Dry Eye Treatment in Murrieta
The name “dry eye” can be a little confusing since one of the most common symptoms is excessive watering! It makes more sense when you learn that the eye makes two different types of tears.
The first type, called lubricating tears, is produced slowly and steadily throughout the day. Lubricating tears contain a precise balance of mucus, water, oil, nutrient proteins, and antibodies that nourish and protect the surface of the eye.
The second type of tear, called a reflex tear, does not have much lubricating value. Reflex tears serve as a kind of emergency response to flood the eye when it is suddenly irritated or injured. Reflex tears might occur when you get something in your eye, when you are cutting onions, when you are around smoke, or when you accidentally scratch your eye. The reflex tears gush out in such large quantities that the tear drainage system cannot handle them all and they spill out onto your cheeks. Another cause of reflex tearing is irritation of the eye from lack of lubricating tears. If your eye is not producing enough lubricating tears, you have dry eye even though you still have reflex tears.
Symptoms of Dry Eye
- Watery eyes
- The feeling that there is sand in your eyes
- Eyes that itch and burn
- Vision that becomes blurred after periods of reading, watching TV, or using a computer
- Red, irritated eyes that produce a mucous discharge
Causes of Dry Eye
- Age: As we get older, glands in the eyelid produce less oil. Oil keeps tears from evaporating off the eye. Decreased oil production allows tears to evaporate too quickly, leaving the eye too dry.
- Diseases including diabetes, Sjogren’s and Parkinson’s
- Hormonal changes, especially after menopause
- Prescription medications: These include some high blood pressure medications, antihistamines, diuretics (water pills), antidepressants, anti-anxiety pills, sleeping pills, and pain medications. Over the counter medications including some cold and allergy products, motion sickness remedies, and sleep aids can also cause dry eye.
- Hot dry or windy conditions, high altitude, air conditioning and smoke can also cause dry eye.
- Reading, using a computer or watching TV
- Contact lenses
- Laser eye surgery, including LASIK can aggravate dry eye
- Inflammation – recent research suggests that dry eye may be caused by inflammation due to an imbalance of “good” fats and “bad” fats.
Diagnosing Dry Eye
One of our Board Certified ophthalmologists or therapeutic optometrists can check for dry eye by examining your eyes with magnifying instruments, measuring your rate of tear production, and checking the amount of time it takes for tears to evaporate between blinks. Our physicians can also check for pinpoint scratches on the front surface of the eye caused by dryness using special, colored eyedrops called fluorescein or Rose Bengal.
Treatments for Dry Eye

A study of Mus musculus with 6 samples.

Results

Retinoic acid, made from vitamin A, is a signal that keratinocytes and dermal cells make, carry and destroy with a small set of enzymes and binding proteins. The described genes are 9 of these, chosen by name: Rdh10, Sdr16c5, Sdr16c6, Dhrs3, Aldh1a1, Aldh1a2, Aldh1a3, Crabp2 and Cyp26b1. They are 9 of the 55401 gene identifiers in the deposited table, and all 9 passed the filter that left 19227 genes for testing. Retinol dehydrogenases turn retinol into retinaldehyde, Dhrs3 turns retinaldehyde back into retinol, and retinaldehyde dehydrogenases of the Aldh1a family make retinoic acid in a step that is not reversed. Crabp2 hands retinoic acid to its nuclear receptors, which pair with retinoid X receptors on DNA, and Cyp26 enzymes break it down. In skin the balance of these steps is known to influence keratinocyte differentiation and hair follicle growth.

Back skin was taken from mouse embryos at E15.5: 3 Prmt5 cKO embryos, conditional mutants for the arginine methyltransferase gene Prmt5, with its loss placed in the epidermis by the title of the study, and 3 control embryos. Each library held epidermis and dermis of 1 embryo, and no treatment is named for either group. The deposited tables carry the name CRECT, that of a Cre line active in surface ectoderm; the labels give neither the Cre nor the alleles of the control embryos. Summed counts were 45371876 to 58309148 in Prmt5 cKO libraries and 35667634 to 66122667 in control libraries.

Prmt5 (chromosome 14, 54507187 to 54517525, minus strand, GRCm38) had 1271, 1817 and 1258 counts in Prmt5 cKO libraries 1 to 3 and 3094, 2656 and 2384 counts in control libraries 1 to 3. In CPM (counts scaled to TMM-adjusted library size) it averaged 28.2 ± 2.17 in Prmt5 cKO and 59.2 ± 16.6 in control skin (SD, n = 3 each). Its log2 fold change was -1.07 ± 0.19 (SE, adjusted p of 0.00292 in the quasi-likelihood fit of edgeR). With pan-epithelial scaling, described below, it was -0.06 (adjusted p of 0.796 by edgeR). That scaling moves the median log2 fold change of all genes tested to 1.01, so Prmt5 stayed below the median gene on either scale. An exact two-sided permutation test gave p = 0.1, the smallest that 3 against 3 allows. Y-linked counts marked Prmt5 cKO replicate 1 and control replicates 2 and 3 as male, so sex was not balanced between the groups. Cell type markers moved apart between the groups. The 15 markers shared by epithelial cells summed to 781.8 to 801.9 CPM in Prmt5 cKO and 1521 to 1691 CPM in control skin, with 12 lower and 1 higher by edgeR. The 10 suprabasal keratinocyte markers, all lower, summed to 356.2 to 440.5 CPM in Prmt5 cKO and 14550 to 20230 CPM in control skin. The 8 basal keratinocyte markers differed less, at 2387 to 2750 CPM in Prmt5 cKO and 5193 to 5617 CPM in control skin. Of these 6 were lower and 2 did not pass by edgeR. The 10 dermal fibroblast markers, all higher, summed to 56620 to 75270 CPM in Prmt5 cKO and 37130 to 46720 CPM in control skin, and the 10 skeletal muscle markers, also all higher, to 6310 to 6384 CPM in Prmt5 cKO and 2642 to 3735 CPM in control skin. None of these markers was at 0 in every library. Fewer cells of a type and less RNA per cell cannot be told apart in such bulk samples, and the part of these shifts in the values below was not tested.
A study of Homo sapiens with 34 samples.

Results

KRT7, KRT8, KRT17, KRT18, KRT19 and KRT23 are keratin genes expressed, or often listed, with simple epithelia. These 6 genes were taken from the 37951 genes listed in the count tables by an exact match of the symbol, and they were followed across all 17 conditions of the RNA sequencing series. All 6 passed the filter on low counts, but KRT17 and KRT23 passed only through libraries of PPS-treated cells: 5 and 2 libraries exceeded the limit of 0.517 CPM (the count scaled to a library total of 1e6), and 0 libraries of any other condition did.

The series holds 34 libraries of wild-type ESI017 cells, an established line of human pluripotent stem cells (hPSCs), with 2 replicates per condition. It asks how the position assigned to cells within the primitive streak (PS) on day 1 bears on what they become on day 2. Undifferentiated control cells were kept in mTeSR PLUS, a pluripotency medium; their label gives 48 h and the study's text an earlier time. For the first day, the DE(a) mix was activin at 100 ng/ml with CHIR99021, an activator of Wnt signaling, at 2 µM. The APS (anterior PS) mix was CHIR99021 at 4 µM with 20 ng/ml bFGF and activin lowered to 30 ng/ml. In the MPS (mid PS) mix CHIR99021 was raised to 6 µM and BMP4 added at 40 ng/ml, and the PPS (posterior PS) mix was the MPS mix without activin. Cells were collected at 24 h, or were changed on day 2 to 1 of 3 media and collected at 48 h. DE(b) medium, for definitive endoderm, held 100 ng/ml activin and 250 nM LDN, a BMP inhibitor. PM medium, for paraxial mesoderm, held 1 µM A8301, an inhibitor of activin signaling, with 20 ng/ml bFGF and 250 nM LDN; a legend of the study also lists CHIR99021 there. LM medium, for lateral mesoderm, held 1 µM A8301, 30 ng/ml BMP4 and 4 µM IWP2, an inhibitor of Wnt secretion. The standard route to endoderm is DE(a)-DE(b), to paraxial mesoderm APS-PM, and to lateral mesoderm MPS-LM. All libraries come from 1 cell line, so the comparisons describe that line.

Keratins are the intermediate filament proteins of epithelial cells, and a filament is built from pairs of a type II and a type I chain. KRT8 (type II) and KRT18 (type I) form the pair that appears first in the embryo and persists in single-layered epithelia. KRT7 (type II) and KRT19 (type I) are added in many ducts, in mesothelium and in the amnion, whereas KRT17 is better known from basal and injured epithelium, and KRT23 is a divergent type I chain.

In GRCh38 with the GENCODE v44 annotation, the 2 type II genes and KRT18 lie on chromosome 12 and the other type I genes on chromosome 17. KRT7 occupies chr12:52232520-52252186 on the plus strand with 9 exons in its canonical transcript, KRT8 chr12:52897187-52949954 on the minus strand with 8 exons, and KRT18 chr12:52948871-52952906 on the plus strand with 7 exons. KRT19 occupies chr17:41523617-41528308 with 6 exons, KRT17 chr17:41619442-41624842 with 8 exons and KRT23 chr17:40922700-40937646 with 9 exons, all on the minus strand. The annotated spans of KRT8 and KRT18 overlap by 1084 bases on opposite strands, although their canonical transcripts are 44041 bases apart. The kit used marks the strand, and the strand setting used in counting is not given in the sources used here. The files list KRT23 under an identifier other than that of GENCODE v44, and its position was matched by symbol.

The most common treatment is the use of artificial teardrops that help make up for the lack of natural lubricating tears. Artificial tear products come in liquid form, longer lasting gel form and long-lasting ointment form, which is most often recommended for nighttime use. Many different brands of artificial tears are available over-the-counter. Some contain preservatives and some do not. Unpreserved tears may be recommended for people whose eyes are sensitive to preservatives. Artificial tears can generally be used as often as needed, from a few times per day to every few minutes. You should follow the regimen your doctor recommends.
When infection, inflammation of the eyelids or clogged oil glands contribute to dry eye, special lid cleaning techniques or antibiotics may be recommended. It may also help to avoid hot, dry or windy environments or to humidify the air in your home or office.
RESTASIS is a reliable treatment for dry eye disease. Restasis drops help the eyes produce more tears by reducing inflammation, which is often a cause of dry eye. Unlike artificial tears, Restasis is the first drug proven to effectively treat a cause of dry eye disease rather than only temporarily alleviate symptoms.
Another medical intervention for dry eye is a procedure called punctal occlusion that may enable your eyes to make better and longer use of the few lubricating tears they do produce.
Dr. LoBue also offers the LipiFlow system for the treatment of chronic dry eye. Instead of temporarily alleviating dry eye symptoms without addressing the cause of the problem, LipiFlow treats the root cause of most cases of dry eye: meibomian gland disease (in which a blockage prevents the normal flow of oils to the tear film covering the eye’s surface). Through a combination of heat to the inside of the eyelids and external pressure on the outside of the lids, LipiFlow clears blockage of the meibomian glands to restore normal function.